Thursday, February 08, 2007

It's Not What You Say...

...It's What People Hear.

This is the title of a book by one Frank Luntz. Luntz is a GOP strategist that was recently interviewed by Grist magazine. He's had some not entirely kind things to say about environmentalists, based on his personal experience with them, that I found interesting. Excerpt below:

Q...You've since said that the environment played a negligible role in the 2004 and 2006 elections. Why did this huge vulnerability fail to play a central role in the elections?

A...Because the environmental community hasn't figured out how to communicate effectively.

Q...What do you mean?

A...People think environmentalists tend toward the extreme position -- they're considered uncompromising, unyielding, very political. I get yelled at by them all the time, and yet they keep losing and losing when they should be more successful.

The American people believe in clean air and clean water. The American people believe in open spaces. I know this, I've polled it. What they don't believe is the idea that you would close everything down, put it under lock and key. They believe that you can use the environment while still protecting and appreciating it, and the environmental community just doesn't understand that. It's why the word environmentalist, people don't like it anymore.

But you understand, I'm not in the business of trying to explain this to them. In my dealings with them, they're mean. Some of the most personally nasty people come out of the environmental community.

Q...Why do you think that is?

A...I think that they believe so strongly in their point of view, and they believe that anyone who doesn't share what they share or believe what they believe is not only wrong but evil.

Q...It sounds like you see it as a dogma almost, as religious zealotry.

A...I don't see environmentalism that way, I see environmentalists that way. I think it's like they've taken a very important issue and they've undermined their own case for it.

The problem the environmental community has is they don't listen to their opponents. When I do my research, I spend more time studying the opposition argument because that's what I need to respond to. The environmental community never listens. If they listened, they would have realized very early on that they would find common ground with other allies.

Full interview here. You'll note some debate as to whether Luntz makes a good point.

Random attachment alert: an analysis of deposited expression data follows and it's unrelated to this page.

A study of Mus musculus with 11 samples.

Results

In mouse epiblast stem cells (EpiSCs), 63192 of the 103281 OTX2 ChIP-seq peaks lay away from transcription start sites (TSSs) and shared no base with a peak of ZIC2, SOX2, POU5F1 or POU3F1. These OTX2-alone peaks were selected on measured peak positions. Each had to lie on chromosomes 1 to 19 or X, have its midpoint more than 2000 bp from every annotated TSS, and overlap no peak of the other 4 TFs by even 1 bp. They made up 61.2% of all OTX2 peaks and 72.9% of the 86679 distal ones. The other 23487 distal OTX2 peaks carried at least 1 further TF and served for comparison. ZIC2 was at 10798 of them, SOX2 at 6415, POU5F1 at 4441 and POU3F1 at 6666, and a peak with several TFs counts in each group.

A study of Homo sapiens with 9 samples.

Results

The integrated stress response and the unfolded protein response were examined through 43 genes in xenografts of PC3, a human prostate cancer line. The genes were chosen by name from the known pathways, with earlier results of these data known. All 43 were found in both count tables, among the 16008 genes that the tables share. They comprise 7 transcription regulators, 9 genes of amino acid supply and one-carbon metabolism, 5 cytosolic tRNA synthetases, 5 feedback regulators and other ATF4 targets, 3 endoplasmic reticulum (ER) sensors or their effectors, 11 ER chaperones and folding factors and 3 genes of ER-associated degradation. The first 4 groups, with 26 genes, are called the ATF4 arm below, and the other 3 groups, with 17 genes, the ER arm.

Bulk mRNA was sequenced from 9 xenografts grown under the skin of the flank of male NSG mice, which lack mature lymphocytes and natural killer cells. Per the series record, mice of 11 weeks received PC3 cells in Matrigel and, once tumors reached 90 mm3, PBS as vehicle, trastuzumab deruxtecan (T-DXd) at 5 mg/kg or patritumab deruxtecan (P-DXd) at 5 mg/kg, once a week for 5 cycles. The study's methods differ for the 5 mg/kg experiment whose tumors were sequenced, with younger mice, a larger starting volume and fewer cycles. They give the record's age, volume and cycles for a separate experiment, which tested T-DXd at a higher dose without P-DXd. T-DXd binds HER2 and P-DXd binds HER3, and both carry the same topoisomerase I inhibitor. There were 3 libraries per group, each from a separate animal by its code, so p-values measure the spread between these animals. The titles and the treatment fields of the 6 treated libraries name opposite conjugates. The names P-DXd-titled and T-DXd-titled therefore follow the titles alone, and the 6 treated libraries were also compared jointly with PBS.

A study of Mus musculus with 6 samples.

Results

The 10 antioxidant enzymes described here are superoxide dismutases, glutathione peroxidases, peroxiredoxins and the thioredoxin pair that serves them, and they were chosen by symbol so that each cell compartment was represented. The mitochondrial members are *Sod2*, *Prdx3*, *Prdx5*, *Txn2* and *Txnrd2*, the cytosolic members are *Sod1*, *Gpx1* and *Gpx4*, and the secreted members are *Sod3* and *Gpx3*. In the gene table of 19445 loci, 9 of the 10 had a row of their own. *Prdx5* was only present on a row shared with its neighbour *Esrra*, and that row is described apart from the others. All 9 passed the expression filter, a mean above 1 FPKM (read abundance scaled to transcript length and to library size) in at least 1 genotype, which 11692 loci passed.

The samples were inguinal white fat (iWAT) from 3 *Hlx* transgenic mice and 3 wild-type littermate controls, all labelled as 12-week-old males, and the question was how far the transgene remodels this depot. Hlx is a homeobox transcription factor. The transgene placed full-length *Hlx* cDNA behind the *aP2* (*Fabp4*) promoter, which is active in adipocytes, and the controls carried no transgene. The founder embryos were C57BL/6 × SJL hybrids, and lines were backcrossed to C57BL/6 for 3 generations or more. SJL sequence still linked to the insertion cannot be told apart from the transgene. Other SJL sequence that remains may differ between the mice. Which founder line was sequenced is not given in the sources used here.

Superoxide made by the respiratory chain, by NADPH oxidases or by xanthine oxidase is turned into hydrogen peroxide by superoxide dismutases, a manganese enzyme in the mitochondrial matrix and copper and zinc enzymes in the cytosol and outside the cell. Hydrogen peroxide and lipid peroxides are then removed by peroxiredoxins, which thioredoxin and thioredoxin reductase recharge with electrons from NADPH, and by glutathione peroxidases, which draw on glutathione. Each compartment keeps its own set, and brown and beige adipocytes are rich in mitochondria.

I tend to think he does, to a degree, though I don't believe "mean" is quite the right word. The reason that some environmentalists come off as mean is because it sometimes feel like you can't be heard otherwise.

There's also the flip side. When you're passionate about an issue, and wear your heart on your sleeve about it, people know that it's a button they can push with you.

Now I can't say I've had many bad experiences. Most people I've known have been quite supportive and encouraging. Of course, Christine and I also made it a point to not be "in your face" with this stuff, so one probably leads to the other.

Still, from time to time when we first became vegetarian, I'd get teased about it a little. I'd get told things like "this dead cow tastes fantastic, you should try some" and how not only should we continue to eat animals, but we should eat more kinds.

To me, in terms of intentions, that's the equivalent of sitting in front of a person trying to lose weight, holding a giant tub of ice cream and going on about how great it is. Mind you, it doesn't really work in our case, however, because...

a) I've had meat before, I know full well what it tastes like. So I do "know what I'm missing", thank you.

b) I don't crave it anymore, so I don't "miss" it.

...but the intent to take a little dig at a strong personal belief is there and that's, well, mean. I don't believe the intention was to "hurt" anyone, so it's shrugged off.

Now that's a very small experience, but I know how irritating I find it. I can only imagine how someone who's convinced that global warming will lead to unbelievable disasters feels when told that it's nonsense, in light of what they feel is at stake.

So I get Mr Luntz's point, I believe, but it works both ways. You're right that it's caused in part by strong belief in a point of view.

But I think that there's the added frustration of feeling like you're trying to tell the captain of the Titanic "Hey, you might want to take a left here". He can't be bothered to listen because for whatever reason, he disagrees no matter what argument you present.

Be that as it may, if I'm wrong it's a small, wasted effort. But if he's wrong, it's a colossal disaster.

That some people are unable to grasp this very, very simple notion of erring on the side of caution can be infuriating. Perhaps there should be more listening done from BOTH sides.

2 comments:

Blazing Cat Fur said...

Luntz is right. What he fails to mention is that the environmental movement has long been co-opted by cultural and politcal fringe elements. Crypto-Communists, Peta Nazi's etc. The public knows this and they recognize that the alleged concern for the environment expressed by the extremists is merely a beard for their hidden agendas.

T.H.I.T. said...

Luntz is right...about those types in particular. A large part of my doubts when deciding whether to take part in activities and/or donating comes from the fact that many of the people leading these charities make well into 6-digits a year.

But it's an awful broad brush to paint all environmentalists with. That's where my opinion differs with his.